There’s an art to writing a good card.
And my mum is terrific at it. She delivers just the right measure of wit, nuance, and warmth. Her cards never fail to leave to an impression or elicit a smile. They are all keepers. Written in beautiful cursive handwriting, there’s not a trace of soppy Hallmark sentiment among them, but rather, sophisticated and clever prose.
I haven’t inherited her handwriting, but I like to think I’ve inherited her ability to write a decent card. She always said, “If you’re going to write something, make it count, or don’t bother at all.”
And I have followed this advice. While letter writing may be a casualty of our digital age, there’s always occasion to write a card.
A few years ago I had to write my first “goodbye” card to a dear family friend who was dying at the age of 39. A text message came through from my sister saying the end was imminent. I remember her words clearly. “If you’re planning on sending a letter or card, now’s the time.” I went straight to my local newsagent.
But there’s no greeting card section for someone who is dying. Birthdays, weddings, babies, naturally. In sympathy? Yes. Get well soon? Plenty. But a card for someone who is sick and not going to get better? Nowhere to be found.
I was paralysed with indecision. Amid hundreds of cards, none seemed even remotely suitable. Nestled amongst the sea of celebratory cards was a small section of condolence cards, but this was not a bereavement situation; not yet.
Even in the blank card section, the choices weren’t satisfactory. Most cards were too cheery, too optimistic, not at all appropriate in the absence of hope. Being a chronic over-thinker and poor decision-maker at the best of times, this made for an almost impossible situation. After 45 minutes of deliberation I chose an abstract landscape card. It felt safe.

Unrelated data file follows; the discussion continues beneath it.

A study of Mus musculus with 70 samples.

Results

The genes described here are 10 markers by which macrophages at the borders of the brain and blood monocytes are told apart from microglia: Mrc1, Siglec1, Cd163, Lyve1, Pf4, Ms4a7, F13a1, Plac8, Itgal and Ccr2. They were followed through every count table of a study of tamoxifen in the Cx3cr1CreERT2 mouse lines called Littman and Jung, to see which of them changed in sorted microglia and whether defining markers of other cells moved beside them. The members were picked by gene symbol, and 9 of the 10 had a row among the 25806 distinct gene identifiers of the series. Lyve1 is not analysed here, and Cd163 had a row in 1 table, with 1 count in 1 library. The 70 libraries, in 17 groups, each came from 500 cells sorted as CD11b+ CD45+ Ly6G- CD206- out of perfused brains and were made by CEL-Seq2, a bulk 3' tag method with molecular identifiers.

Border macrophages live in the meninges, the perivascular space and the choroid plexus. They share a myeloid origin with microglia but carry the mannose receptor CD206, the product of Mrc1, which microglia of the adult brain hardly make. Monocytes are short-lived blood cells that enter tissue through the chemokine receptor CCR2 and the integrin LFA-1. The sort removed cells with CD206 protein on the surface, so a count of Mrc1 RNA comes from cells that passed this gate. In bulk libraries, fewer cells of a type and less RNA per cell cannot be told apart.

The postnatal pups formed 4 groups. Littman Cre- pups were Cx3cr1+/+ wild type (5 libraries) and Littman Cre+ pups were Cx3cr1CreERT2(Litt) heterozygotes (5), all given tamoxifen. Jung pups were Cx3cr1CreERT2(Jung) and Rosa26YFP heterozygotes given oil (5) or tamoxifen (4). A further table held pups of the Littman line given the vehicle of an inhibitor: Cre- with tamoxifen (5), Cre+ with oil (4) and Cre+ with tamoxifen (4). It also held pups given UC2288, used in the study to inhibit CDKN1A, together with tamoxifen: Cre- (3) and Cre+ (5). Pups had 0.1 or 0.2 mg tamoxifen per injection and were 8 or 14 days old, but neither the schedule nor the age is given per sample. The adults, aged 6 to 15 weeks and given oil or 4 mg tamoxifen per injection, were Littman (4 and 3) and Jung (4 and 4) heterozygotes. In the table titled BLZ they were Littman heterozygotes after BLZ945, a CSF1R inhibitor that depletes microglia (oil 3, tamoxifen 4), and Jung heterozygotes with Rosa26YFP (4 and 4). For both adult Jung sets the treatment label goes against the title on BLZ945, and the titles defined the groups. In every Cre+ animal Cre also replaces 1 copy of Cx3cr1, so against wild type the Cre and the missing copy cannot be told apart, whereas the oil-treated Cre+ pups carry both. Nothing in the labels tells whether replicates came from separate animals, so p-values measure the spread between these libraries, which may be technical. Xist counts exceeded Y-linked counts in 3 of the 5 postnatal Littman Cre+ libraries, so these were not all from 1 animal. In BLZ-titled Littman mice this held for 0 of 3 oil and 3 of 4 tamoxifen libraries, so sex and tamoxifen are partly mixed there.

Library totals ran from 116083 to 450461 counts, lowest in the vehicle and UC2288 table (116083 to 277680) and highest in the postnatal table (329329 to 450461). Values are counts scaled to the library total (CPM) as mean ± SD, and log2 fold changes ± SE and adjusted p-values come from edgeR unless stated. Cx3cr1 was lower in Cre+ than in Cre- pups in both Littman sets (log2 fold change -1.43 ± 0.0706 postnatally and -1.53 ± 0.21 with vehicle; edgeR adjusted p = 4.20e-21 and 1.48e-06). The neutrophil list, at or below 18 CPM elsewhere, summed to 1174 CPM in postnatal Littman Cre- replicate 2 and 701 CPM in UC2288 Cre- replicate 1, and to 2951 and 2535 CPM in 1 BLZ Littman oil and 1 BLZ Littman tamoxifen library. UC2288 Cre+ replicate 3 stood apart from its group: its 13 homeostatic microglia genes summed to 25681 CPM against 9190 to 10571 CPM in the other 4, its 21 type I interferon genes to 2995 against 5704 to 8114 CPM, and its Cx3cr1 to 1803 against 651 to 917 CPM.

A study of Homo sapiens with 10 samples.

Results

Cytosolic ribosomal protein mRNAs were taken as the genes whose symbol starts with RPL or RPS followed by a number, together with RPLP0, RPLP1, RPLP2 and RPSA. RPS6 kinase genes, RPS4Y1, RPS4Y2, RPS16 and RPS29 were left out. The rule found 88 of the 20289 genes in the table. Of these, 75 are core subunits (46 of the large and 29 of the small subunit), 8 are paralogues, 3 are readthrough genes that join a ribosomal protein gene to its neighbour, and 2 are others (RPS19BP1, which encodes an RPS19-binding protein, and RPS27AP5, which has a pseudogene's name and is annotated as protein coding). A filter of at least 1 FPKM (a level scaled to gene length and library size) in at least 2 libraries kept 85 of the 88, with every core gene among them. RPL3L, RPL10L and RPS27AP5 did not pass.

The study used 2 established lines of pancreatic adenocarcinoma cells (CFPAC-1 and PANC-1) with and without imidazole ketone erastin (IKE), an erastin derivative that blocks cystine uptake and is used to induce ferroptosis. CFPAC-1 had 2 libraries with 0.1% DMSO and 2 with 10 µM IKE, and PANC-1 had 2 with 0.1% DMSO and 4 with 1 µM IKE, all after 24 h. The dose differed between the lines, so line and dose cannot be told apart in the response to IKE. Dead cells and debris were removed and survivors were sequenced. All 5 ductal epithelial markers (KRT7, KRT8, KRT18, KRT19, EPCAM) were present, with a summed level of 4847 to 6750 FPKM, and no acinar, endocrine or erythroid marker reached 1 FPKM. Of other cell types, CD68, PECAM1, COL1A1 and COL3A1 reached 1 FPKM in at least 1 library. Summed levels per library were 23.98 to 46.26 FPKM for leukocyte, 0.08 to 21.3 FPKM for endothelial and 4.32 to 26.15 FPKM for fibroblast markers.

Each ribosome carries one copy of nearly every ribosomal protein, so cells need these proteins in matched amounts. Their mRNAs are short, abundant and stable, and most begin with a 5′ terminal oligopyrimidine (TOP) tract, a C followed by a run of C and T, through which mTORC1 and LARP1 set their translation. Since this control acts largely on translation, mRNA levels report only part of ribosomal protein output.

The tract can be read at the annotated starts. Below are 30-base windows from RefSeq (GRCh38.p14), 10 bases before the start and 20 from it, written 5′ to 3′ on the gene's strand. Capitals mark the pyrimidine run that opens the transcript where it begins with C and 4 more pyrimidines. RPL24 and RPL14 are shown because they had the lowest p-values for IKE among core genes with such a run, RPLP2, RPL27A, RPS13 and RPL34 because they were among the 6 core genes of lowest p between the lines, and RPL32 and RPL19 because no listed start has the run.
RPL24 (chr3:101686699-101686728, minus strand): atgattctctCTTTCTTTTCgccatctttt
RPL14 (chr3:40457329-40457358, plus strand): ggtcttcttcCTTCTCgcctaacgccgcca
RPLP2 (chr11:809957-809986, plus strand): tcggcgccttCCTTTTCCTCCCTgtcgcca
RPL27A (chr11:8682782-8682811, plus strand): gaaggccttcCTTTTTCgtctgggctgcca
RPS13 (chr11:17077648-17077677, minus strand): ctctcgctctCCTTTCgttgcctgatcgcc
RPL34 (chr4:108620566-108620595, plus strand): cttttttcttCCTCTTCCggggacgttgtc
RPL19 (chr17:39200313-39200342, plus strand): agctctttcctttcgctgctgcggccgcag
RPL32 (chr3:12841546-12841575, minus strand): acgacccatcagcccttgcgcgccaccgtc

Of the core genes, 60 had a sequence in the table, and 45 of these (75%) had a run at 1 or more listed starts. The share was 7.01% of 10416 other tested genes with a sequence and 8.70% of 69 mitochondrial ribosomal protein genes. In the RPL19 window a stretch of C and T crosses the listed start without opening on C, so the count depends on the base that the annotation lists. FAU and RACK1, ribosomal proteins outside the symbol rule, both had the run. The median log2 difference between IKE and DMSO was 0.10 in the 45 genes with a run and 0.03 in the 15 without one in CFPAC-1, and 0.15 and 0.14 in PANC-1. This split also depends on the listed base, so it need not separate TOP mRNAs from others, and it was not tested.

Words of condolence and sympathy are very hard to weave together in a way that is meaningful and appropriate. But when someone is dying, it is infinitely harder. What words can you choose? So often our cards end with a “best wishes for the year ahead” sentiment. When someone is about to die, there is no future to allude to, no wishes to bestow.
I felt enormous pressure to write a “good” card. Given I am a writer, words are my currency. But I found this an agonising task. I wrote a draft, during which tears stained the ink on my paper.
More recently I found myself in the same position. Only this time it was closer to home and there was little time to prepare. My dear auntie was dying, a mere three weeks after a merciless cancer diagnosis.
Again, no cards were suitable at the newsagents. I tried to find an E. Phillips Fox card, given we are descendants of the renowned Australian impressionist. But my newsagent did not stock such cards and time was dissolving. Again I chose something fairly benign.
I wanted to see her one last time, but I knew I wouldn’t be able to verbalise my love and my grief. I wanted my card to fill in the blanks for what I could not express in person, and for it to remain in the family after she was gone.
It was a glorious autumn morning as I sat outside in the soft light to pen my farewell. I thought of my mum as I wrote my card, hoping to strike the right balance. She had already told me not to over-think it: “You already know what you want to say, so just say it.” And so I did.